As if losing a 13-inning game against the Padres on an error-induced walk-off run scored by a pitcher who pinch-hit wasn’t bad enough, the Angels also lost Vernon Wells and Ryan Langerhans to injuries.
Wells injured his thumb stealing second base and Alden Gonzalez of MLB.com reports that he was wearing a cast after the game.
Langerhans left the game after slamming into the outfield wall, leading to some creative defensive alignments by the Angels, including Howie Kendrick in left field for what proved to be the game-losing play.
Langerhans was just called up from Triple-A and Wells hasn’t produced since joining the Angels last season, so the losses aren’t exactly team-crushing. However, recently at least Wells was showing some signs of life by hitting .273 with two homers and a .752 OPS in 16 games this month.
Torii Hunter also remains away from the team following his son’s arrest, but even without those three players around the Angels still have enough outfield depth to trot out Mike Trout, Peter Bourjos, and Mark Trumbo, which plenty of teams would love to have as their everyday trio.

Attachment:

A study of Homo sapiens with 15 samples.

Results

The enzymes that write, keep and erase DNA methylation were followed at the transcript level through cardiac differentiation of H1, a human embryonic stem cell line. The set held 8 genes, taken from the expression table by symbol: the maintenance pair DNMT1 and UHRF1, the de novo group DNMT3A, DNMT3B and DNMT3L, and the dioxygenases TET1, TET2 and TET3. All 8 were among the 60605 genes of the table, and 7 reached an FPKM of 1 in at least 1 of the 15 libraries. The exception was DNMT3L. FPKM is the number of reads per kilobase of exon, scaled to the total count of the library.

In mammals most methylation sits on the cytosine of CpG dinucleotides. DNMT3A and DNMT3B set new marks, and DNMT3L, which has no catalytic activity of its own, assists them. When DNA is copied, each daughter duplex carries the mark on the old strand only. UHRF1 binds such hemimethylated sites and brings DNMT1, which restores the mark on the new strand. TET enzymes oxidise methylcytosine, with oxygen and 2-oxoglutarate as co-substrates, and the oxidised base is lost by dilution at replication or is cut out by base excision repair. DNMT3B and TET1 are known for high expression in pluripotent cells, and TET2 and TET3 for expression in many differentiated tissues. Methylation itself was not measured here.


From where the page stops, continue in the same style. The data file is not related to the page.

Extension season continues. The Athletic’s Ken Rosenthal reports that the Cardinals and first baseman Paul Goldschmidt are close to an agreement on a five-year extension. The value is believed to be around $130 million, according to Derrick Goold of the St. Louis Post-Dispatch. Goldschmidt was set to become a free agent after the season.
The Cardinals acquired Goldschmidt, 31, from the Diamondbacks in December in exchange for Luke Weaver, Carson Kelly, Andy Young, and a 2019 competitive balance round B pick. The slugger is a six-time All-Star, a three-time Gold Glove Award winner, and a four-time Silver Slugger Award winner. Goldschmidt owns a career .297/.398/.532 triple-slash line along with 209 home runs, 710 RBI, 709 runs scored, and 124 stolen bases. He is also well-regarded for his defense at first base. As a result, he has accumulated 40.3 Wins Above Replacement over eight seasons, according to Baseball Reference.
With Goldschmidt in place, the Cardinals are set at first base for the foreseeable future. Though Goldschmidt got off to a slow start last season, carrying an OPS barely above .700 into June, he recovered and finished with a .922 OPS. That two-month blip aside, there’s no reason to think Goldschmidt’s production is about to fall off anytime soon.